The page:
What’s Next as Net Neutrality Becomes Not Neutrality

Carl Weinschenk

Net neutrality is the set of rules that have governed the Internet to this point. They guarantee that broadband service providers act like the mail and handle content in a non-discriminatory manner. The absence of these rules in essence puts the fox in charge of the chicken coop.

Several bottom lines are outlined in Ingram’s commentary, which brings in many outside voices. At the end of the day, the court wasn’t saying that net neutrality or its goals are bad, but simply that the Federal Communications Commission (FCC) established the rules in a way that isn’t legally supportable.


The problem is pretty simple: The FCC categorized the Internet as an information service, not a common carrier. But, when it imposed net neutrality rules, its justification was derived from the rights and responsibilities of common carriers:

As a number of observers have explained — including Jeff in his Gigaom piece — the court’s decision wasn’t based on a belief that net neutrality itself is a bad thing, but a view that the FCC implemented its rules in a legally questionable way. If it wanted to prevent ISPs from giving preferential treatment to certain content providers, the communications regulator could have defined internet service providers as “common carriers,” as it did with telecom companies — but the FCC didn’t do that.

Furthermore, the commentators say that the FCC can appeal, but that it is unlikely that the decision will be reversed. The thinking simply is that the decision was obvious and the FCC blew it.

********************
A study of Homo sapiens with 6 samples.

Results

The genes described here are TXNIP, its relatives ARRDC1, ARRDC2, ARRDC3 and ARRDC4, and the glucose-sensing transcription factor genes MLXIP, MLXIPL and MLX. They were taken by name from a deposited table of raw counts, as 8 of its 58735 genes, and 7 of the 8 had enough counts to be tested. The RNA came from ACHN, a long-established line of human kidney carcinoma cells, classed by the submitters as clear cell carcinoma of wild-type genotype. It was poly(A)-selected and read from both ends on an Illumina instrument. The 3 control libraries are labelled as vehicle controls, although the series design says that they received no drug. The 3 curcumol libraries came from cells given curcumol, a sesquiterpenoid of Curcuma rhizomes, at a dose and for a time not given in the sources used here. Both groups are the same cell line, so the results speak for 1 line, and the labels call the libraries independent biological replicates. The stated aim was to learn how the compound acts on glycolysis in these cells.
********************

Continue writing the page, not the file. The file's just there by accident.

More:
Infoworld’s Grant Gross also wrote a good story on the decision that tackles the all-important question of what comes next for net neutrality. He also is skeptical of the chances of a successful appeal, though he is not quite as dismissive as the commentators in Ingram’s piece.

The small silver lining for net neutrality proponents is that the court upheld the FCC’s essential right to oversee broadband. The decision simply said that it was going about it in the wrong way. Besides appeal, or if an appeal fails, Gross suggests three possible steps forward: Asking Congress to empower it to regulate broadband, reclassifying broadband providers as common carriers, and encouraging the government and the ISP industry to negotiate a new set of rules.

The first and perhaps second options likely are non-starters in the current political environment. That leaves throwing the dice in an appeal and, assuming that fails, working with the ISPs:

Observers on both sides of the net neutrality debate suggested the FCC's best course of action, while not easy, may be to write new rules that establish basic protections for broadband customers. NetCompetition.org's Cleland called on the FCC to work with broadband providers to establish compromise rules that everyone could live with.

The decision will not change things overnight. Indeed, net neutrality proponents can take a small measure of comfort in the fact that giant Comcast will work under the old rules until at least the end of 2018. NPR and other sites report that the company made the pledge to maintain the status quo as a condition for the acquisition of NBCUniversal.